The mangoes of the Philippines are amazingly delicious! It's their national fruit, and I've found no other mango like the queen of mangoes, the tu-od variety. I posted this photo on Instagram and Facebook a few years back, proclaiming their goodness, and saw a lot of agreement.
But there are plenty of other wonderful fruits in the Philippines and SE Asia—papayas, guavas, lanzones, jackfruit, and even durian, and much more.
Yet, the fruit I'm most excited about in the Philippines doesn't grow on trees.
Fruit that doesn't grow on trees
In the mountains above and behind our home of fifteen years is a church I've preached at and visited many times. It was established and pastored by a dear friend I've known for over twenty-five years.
He was one of my students at a Bible school I started, and also one of my teachers. So, you could say he is fruit born out of my ministry in the Philippines. And yet, I see much more fruit coming from him and the ministries he's established since serving with me and still does.
This is the way Jesus intended it to be.
My pastor friend has discipled many men and women, who in turn, disciple others. This brings me great joy and hope.
It is what Jesus had in mind as He discipled His followers, and what He told them the night He was betrayed (John 15:8, 16).
A question to consider
The question is, are we—pastors and church leaders—discipling people to disciple others, or are we just indoctrinating them?
Are we teaching them living truth important to know, or equipping them to know the truth?
What's the difference? When we indoctrinate people, we spoon feed them truth. When we disciple and equip people, they learn to feed themselves on Jesus and His word (John 6:48-51; 15:5-8).
Parents grind or chop up food for babies to eat because they have no teeth to chew food. Or, they can just open a jar of baby food. But as children grow older they learn to cut and chew their own food.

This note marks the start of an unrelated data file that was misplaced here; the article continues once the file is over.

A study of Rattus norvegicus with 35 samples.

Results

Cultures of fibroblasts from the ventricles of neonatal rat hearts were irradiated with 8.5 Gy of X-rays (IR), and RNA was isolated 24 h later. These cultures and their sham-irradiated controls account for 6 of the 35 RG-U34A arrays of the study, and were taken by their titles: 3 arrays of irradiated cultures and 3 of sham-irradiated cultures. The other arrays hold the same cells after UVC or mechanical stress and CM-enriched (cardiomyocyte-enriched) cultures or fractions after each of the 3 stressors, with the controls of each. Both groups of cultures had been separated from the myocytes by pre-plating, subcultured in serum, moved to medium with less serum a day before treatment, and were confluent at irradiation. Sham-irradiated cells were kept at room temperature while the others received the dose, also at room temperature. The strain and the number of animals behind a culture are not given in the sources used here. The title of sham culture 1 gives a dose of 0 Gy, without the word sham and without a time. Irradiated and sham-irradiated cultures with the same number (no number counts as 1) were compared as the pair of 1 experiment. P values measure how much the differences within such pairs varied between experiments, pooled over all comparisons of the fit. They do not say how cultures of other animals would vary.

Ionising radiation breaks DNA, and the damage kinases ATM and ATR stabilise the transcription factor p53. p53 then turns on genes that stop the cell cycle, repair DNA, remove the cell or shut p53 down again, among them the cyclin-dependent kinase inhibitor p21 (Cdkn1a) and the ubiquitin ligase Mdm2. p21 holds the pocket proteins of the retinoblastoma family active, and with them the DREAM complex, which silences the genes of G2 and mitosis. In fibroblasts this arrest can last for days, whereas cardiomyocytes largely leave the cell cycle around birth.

Are the believers in our churches still being fed like babies, or taught to feed themselves? I wonder.
Feeding or equipping?
I see a true disciple-maker in my pastor friend, Elmer. He oversees several churches by training the leaders to teach the people how to know the truth themselves.
In one nearby church, he has equipped four leaders who each have three assistants. He trains them, and they are to teach and train the people in the same way.
He also developed a Bible school, an oral Bible school. It's based on his inductive Bible training with me, and the biblical storying ministry of Simply the Story (STS).
This training extends beyond his work in the mountains of Negros Oriental. It's been exported to other islands in the Philippines, Hong Kong, and even Thailand.
He's also done radio ministry where he tells Bible stories and asks questions, then people text their answers and questions about the Bible to him. This leads to more training in other places.
He's also done training over a cell phone broadcast. He sets his cell phone up with a speaker, then interacts with people over the phone. Even on buses and boats, Pastor Elmer will share Bible stories, selecting ones that match the circumstance of a listener.
My friend is mindful of being an example to others of what he teaches. True discipleship is more about example than doctrine (1 Tim 4:12).
Doctrine ought to be based on what is understood from our personal study of God's Word guided by God's Spirit (1 John 2:20, 27; 2 Tim 1:13-14).
Trees produce fruit naturally because they're designed to do so by their Creator.
True discipleship is similar. When done the way Jesus intended, the fruit of more disciples will come in a natural way.
True disciple-makers are my favorite kind of fruit because they produce lasting fruit—fruit that outlasts any one person's life.
A New Year's challenge
This is how it should be. But is it? Is this what is seen in most churches today?
Here's a simple challenge for the new year—
If you haven't been discipled, seek out someone to disciple you. Find someone you trust, someone who's example you value as they follow Jesus.
Then, disciple someone yourself. Share the life you have following Jesus with someone interested in doing the same. This means building a personal relationship and committing to caring for them, meeting up with them, and walking through life as fellow Jesus-followers.
Discipleship is not rocket science, as they say, it's simple and natural when done the way Jesus did it (John 13:15).